On March 3, the International Code Council (ICC) Board of Directors voted to eliminate governmental member voting from the final determination of the International Energy Conservation Code (IECC), despite strenuous objections from local, state, and the federal government members whose voices will now be severely restricted.
More than 200 individuals and organizations submitted written comments to the ICC regarding the proposal to convert the IECC to a standard.
Despite the short public comment period, lasting only three weeks over the winter holiday season, more than 200 individuals and organizations submitted written comments to the ICC regarding the proposal to convert the IECC to a standard. Of those comments, over 75% were opposed, with the majority of those submitted by local government representatives. In total, 28 states were directly represented, often with multiple cities weighing in; additionally, the National League of Cities, U.S. Council of Mayors, National Association of State Energy Officials, and Urban Sustainability Director’s Network expressed opposition on behalf of the 2,000-plus cities, states, and local governments that they represent. This level of engagement from local governmental officials is an extension of the dramatic voter turnout in fall of 2019, which resulted in a model energy code that was more than 10% more efficient than the previous version. This increased and continued participation is something that should be celebrated, not censored.
This increased and continued participation is something that should be celebrated, not censored.
In addition to the governmental members who weighed in, organizations such as AIA, ASHRAE, as well as the U.S. Department of Energy also questioned the reasoning behind the decision. ICC’s own Sustainability Membership Council voted overwhelming to reject the proposal, and the ICC Major Jurisdiction Committee also expressed opposition to the move. The House Energy and Commerce Committee submitted its own series of letters that expressed concerns overs ICC’s relationship with the home builder industry.
Why this decision was important
Currently, while anyone may submit a code change proposal, and industry representatives are active participants in the committee hearings that comprise the code development cycle, only governmental representatives are able to vote on the final version of the code. Per ICC, this critical process “leaves the final determination of code provisions in the hands of public safety officials who, with no vested financial interest, can legitimately represent the public interest.” Now that final determination will be made by a small group of people, with governmental voters as a minority.
ICC’s press release announcing this change emphasized the governmental official makeup of the Board, and that “government officials will have the strongest voice on the [new IECC Development] committee,” but these are small concessions when comparted to the thousands who are no longer afforded a direct vote. Additionally, the release touts the prior successes of the IECC regarding increases in efficiency requirements, successes that were brought about directly by the votes of governmental members, in spite of frequent industry moves to minimize their impact.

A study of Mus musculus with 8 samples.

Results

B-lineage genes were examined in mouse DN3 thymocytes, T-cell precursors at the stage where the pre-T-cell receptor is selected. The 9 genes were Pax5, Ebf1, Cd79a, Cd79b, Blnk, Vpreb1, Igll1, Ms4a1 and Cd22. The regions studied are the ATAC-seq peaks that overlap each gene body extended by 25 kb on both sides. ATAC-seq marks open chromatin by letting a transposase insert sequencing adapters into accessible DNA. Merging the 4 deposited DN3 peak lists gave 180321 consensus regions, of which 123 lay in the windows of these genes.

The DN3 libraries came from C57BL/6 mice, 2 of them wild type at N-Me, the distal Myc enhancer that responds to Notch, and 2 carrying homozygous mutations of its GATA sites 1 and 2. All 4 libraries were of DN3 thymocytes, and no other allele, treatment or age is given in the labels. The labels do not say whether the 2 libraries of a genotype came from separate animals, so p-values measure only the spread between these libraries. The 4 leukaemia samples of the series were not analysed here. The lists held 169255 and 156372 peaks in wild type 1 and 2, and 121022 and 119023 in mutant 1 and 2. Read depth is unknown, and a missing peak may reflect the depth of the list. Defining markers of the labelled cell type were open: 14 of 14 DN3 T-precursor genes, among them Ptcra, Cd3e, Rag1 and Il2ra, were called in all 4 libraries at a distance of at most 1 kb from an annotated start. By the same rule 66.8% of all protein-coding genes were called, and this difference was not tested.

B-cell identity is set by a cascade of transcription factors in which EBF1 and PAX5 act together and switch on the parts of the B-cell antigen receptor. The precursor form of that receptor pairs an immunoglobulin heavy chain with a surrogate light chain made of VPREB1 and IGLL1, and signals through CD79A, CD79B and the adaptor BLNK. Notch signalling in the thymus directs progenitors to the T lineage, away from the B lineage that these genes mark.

While this decision comes with assurances not previously provided, including a revised scope that “could [emphasis added] address electric vehicles, electrification and decarbonization” (presumably similar to approved proposals that were previously overturned), and “optional requirements aimed at achieving net zero energy,” the fact remains that proponents of this change were primarily composed of home builders and members of the fossil fuel industry. These same proponents were also the authors of challenges to the immense energy efficiency gains in the last cycle that the ICC now calls a success.
While the only guaranteed impact is a code that is less representative of the voices of its users and administrators, the potential impact is far greater. As mentioned, the proponents of this change were highly aligned with opposition to efficiency gains in the past, leaving the amount of progress in the code an open question. Despite assurances to the contrary from Dominic Sims, CEO of the Code Council, that “the Code Council is committed to furthering the progress the IECC has made to date and ensuring our energy code continues to meet the needs of governments around the world to advance their energy efficiency goals,” the press release language included caveats with “could” and “optional” peppered throughout. While efficiency increases are not guaranteed in the existing process, past results have shown that local governments want more efficiency and voted accordingly.
Despite this unfortunate decision, IMT and the Energy-Efficient Codes Coalition will continue to push forward and promote adoption of the 2021 IECC, which received so much support. It is our hope that those who voted to make this version of the code such a success will transition to become local advocates for its adoption. This code was indeed a success story, but no real impact can occur until states and local jurisdictions put these new provisions into play. If you are interested in learning more about the role you can play, reach out to email@example.com for more information.